I had read about how diverse the casting was, and it was.
All that diversity up on the screen.
And then, for an instant.
Just for an instant.
A man in a wheelchair, sitting on a porch.
I was startled so much I almost fell out of my wheelchair. I don’t expect to see disabled people in movies, in backgrounds, in crowds, let alone in leading roles. Now I have no idea if the actor playing this role had a disability, I somehow doubt it, I mean diverse casting doesn’t actually mean us, does it?
But leaving that aside, let’s look at what was happening in that second. He was having dinner and he was being helped to eat. I couldn’t see him clearly enough but I think he was an elderly man in a wheelchair. But he was being helped to eat, sitting on the porch, in plain view.
This was set in a town with limited resources. With starving people. With people struggling just to get by and survive.
Remember those kind of math questions that Nazi’s used, some of which have made it to North American textbooks? The ‘who would you throw out of the boat first’ questions? The questions that asked who should be the first to die during times of shortage and desperate survival? Remember those?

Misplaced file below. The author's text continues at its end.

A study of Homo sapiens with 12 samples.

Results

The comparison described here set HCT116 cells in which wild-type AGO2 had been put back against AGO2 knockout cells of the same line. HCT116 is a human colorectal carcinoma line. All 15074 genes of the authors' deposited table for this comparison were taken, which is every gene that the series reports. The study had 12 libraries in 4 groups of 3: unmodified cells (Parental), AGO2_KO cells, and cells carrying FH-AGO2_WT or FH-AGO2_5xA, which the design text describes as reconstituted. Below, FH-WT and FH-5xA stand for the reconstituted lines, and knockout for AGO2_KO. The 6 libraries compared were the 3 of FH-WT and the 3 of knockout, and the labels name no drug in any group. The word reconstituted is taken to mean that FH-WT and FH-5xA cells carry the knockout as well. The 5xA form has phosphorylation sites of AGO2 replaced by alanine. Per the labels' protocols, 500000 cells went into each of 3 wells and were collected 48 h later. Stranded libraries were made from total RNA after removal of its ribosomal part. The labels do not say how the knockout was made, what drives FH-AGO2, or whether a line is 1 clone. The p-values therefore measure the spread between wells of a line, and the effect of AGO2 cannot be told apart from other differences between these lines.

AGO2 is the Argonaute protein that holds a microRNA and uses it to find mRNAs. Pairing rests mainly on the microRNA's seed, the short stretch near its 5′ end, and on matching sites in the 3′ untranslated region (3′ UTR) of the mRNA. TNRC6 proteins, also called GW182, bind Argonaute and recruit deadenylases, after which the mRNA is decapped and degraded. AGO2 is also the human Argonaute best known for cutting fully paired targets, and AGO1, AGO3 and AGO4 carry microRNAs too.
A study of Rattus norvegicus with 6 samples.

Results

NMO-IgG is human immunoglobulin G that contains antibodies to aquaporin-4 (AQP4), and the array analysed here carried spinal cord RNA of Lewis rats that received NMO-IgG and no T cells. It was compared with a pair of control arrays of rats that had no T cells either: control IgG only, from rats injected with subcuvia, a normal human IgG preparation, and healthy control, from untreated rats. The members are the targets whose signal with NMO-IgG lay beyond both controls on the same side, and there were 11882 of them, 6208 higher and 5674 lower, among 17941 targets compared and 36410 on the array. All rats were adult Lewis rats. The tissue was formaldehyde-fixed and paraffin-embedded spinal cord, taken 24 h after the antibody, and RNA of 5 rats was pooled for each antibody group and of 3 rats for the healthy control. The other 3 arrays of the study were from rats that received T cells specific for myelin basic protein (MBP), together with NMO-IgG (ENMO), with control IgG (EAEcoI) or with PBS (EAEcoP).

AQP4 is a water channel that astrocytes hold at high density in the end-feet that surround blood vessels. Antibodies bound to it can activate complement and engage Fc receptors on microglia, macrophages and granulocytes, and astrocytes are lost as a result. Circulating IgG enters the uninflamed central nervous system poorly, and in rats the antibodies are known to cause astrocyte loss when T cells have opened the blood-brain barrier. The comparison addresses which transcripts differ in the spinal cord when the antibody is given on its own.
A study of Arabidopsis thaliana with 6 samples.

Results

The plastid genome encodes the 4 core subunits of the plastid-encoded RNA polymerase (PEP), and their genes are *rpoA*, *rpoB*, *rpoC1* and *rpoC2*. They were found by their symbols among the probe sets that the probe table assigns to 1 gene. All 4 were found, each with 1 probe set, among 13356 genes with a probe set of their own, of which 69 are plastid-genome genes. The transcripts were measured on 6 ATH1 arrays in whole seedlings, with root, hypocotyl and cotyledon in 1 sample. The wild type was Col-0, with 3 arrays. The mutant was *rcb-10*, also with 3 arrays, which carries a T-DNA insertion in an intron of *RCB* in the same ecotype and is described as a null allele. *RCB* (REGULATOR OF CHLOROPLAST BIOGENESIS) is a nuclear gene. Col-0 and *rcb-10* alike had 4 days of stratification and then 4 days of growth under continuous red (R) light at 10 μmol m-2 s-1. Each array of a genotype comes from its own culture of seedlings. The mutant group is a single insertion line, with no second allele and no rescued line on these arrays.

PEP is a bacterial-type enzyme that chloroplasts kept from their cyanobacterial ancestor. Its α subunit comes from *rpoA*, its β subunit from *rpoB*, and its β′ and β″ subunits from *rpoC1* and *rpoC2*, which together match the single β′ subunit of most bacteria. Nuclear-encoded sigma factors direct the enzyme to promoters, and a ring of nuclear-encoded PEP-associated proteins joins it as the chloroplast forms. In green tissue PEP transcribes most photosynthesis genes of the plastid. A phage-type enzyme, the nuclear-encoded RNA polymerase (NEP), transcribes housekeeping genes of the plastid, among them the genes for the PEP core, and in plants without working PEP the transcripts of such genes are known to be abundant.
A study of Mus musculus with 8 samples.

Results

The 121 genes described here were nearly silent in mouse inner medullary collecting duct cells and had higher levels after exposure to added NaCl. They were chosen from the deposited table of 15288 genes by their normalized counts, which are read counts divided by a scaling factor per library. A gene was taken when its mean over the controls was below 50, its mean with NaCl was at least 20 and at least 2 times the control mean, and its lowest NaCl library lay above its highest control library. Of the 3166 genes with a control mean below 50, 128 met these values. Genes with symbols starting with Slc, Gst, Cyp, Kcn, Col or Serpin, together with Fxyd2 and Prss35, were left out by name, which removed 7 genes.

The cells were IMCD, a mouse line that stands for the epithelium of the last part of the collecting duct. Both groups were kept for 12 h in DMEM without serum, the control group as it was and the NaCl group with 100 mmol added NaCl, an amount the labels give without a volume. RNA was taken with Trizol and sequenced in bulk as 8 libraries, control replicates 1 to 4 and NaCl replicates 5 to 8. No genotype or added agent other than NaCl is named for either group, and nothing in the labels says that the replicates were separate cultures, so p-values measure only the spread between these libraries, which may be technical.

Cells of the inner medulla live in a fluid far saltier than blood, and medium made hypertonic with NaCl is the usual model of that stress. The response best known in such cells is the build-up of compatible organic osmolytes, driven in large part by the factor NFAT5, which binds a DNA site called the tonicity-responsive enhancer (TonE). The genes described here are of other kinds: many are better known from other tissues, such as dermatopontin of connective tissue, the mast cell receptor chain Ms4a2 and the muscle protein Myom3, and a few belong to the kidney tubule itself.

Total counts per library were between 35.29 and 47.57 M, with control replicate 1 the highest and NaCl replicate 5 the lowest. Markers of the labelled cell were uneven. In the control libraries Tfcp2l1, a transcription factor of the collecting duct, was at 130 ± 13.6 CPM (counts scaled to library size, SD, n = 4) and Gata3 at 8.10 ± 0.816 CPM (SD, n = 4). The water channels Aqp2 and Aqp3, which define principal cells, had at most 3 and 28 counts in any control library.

This is the kind of math that’s being done now, in subtle ways, about disabled lives. The idea of burden and cost are back with a vengeance.
So in these times it was comforting to watch a scene that indicated in ‘those’ times, disabled people weren’t hidden away, weren’t confined to the captivity of indifference.
He was on the porch.
Being lovingly assisted.
He was home. In his community. Sharing what resources they had.
I wonder if some film maker will ever think to zoom the camera in and really see this man the way that I did. And I wonder if they realize that there is a story to tell there. An important story. Because he must have meant something to someone, he must have been loved by the town, he must have a story worth telling.